LGBTIQA+ employees twice as likely to suffer discrimination at work

Australia still has a long way to go

LGBTIQA+ employees twice as likely to suffer discrimination at work

New research paints a stark picture of the issues facing LGBTIQA+ employees in Australian workplaces, revealing that they are twice as likely to experience discrimination at work. The data released by SEEK as part of its Promoting Real Inclusion Diversity and Empowerment in the Workplace report highlights the inequality between those in the LGBTIQA+ community and their non-LGBTIQA+ counterparts. As well as being at higher risk of discrimination, LGBTIQA+ employees are nearly two and a half times more likely to fake sick or skip work, so they don’t have to come into a workplace where they feel unsafe.

Even more worryingly, more than half (57%) of LGBTIQA+ workers who have experienced or witnessed discrimination said these issues are rarely or never resolved. The data shows discrimination is still a present danger for the LGBTIQA+ community at work – where people spend the majority of their lives – and there is a lot more work to be done.

HRD spoke to Jason Tuazon-McCheyne, CEO of The Equality Project, a national LBGTIQA+ charity, about what HR leaders can do to foster a safe working environment for diverse employees.

“There's a level of ignorance and misunderstanding that's out there,” he said. “It requires internal champions inside organisations, and generally HR leaders are part of that process, to drive those changes that are needed to increase awareness and understanding what's going on, which then benefits the employees and the business in the long run.”

Fostering an inclusive workplace shouldn’t fall on LGBTQIA+ employees alone, but be a collective goal of the workforce as a whole. That can be driven through cultivating a sense of allyship, Tuazon-McCheyne said. Many of the strategies he recommends for HR leaders are free and simple to implement, but they can have a powerful ripple effect on the workplace.

Codes of conduct

It goes without saying that there is no place for discrimination in the workplace – and yet it still exists. Organisations should explicitly forbid discrimination against LGBTIQA+ employees clearly in their employee handbook or code of conduct. The same goes for other minority groups. It may seem obvious but it sets out a zero-tolerance approach to discrimination from an employee’s very first day.

Read more: Measuring the ROI: How to show diversity’s value

Awareness days

The calendar is full of awareness days and events, offering opportunities to celebrate diversity and promote inclusivity. By organising a company-wide get together – which can easily become virtual through platforms like Zoom – it’s a way to signal inclusivity and also start conversations about the challenges still facing the LGBTQIA+ community.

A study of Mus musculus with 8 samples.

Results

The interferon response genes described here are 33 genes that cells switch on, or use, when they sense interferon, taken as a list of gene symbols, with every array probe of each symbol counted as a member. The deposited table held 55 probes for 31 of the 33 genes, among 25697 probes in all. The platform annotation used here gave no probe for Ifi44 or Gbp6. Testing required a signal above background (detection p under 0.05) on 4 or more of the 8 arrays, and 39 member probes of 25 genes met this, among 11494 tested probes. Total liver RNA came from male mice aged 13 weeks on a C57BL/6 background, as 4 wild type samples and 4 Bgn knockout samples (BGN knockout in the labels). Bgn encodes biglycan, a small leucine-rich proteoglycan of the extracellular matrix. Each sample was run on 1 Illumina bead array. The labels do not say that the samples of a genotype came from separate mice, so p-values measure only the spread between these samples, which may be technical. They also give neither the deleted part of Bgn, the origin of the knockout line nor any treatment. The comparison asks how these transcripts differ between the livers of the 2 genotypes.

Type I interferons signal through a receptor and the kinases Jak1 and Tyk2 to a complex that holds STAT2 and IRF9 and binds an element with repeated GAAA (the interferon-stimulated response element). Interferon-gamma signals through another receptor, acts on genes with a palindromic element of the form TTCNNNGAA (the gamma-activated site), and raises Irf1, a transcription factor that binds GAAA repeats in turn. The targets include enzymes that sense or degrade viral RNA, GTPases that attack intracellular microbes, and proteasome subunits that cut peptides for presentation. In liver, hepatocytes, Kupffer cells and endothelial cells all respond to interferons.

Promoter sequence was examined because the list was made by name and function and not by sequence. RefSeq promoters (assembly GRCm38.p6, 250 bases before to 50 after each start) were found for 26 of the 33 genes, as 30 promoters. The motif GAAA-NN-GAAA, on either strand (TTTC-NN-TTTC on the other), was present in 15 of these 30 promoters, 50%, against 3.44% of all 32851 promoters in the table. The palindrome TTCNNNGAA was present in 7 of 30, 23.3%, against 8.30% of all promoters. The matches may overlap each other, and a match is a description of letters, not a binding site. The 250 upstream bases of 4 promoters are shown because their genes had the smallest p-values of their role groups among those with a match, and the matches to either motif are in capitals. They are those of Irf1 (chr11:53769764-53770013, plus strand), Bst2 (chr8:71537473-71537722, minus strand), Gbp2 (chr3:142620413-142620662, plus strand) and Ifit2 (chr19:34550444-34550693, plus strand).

“Organisations can show their support by recognising key days in the LGBTQIA+ calendar so there’s IDAHOBIT Day (International Day Against Homophobia, Biphobia, Intersexism and Transphobia) there’s Pride months at various times, depending on which state you’re in, and transgender awareness days,” Tuazon-McCheyne said.

Visual cues

Another simple yet effective tool is to introduce visual cues, such as rainbow logos on posters displayed in the office or on reception, or in our increasingly virtual world, on email communications and websites. Displaying pronouns on emails is another method of normalising the fact that some employees may present outside of their assumed identities.

“If every employee is encouraged to have he/him, they/them, or she/her, it sends a signal to LGBTQIA+ people in particular that this is an inclusive place,” Tuazon-McCheyne said.

These small changes may seem insignificant to a non-LGBTIQA+ person but the way people leaders use language has a profound effect on marginalised employees. Language, and how we use it, has the power to spark a much-wider culture change of inclusion and acceptance.

Language is also important when it comes to company policies. Ensure things like parental leave acknowledge relationships outside of the traditional man/woman structure, including fostering, adoption or surrogacy, and making sure all employees have access – regardless of their sexual orientation.

Awareness sessions

Often, intolerance stems from ignorance, and so running simple awareness sessions is a way to get the conversation started. If HR leaders feel ill-equipped to run a session themselves, there are plenty of outside organisations they can turn to.

Tuazon-McCheyne said these sessions are a great way of creating a safe space for employees to engage and ask questions

“To be able to have those conversations and create the space where people can become less ignorant can only lead to better outcomes,” he said.

Read more: Shifting the dial on diversity and inclusion at work

With many employees working remotely thanks to lockdowns across the country, it’s a great time for organisations to question how they’re supporting a diverse workforce both now, and when they return to the office. Sadly for many employees, working from home means they can be their authentic selves. What organisations need to do is make sure that when they do return to the office, they can be their whole selves there too.

“If you can't be your authentic self in your workplace you can’t be the best employee that you can be or do the best work you can, because you've got these extra things that are hindering you to start with,” Tuazon-McCheyne said.

“But these tips are some basic things you can do to improve the business, to improve the workplace culture and create cultural safety, so that everyone can perform to their best.

“There’s not one single thing that changes everything, but particularly from an HR perspective, it’s about creating those spaces for conversations to happen, celebrating the events that are going on and being intentional through policies codes of conduct.”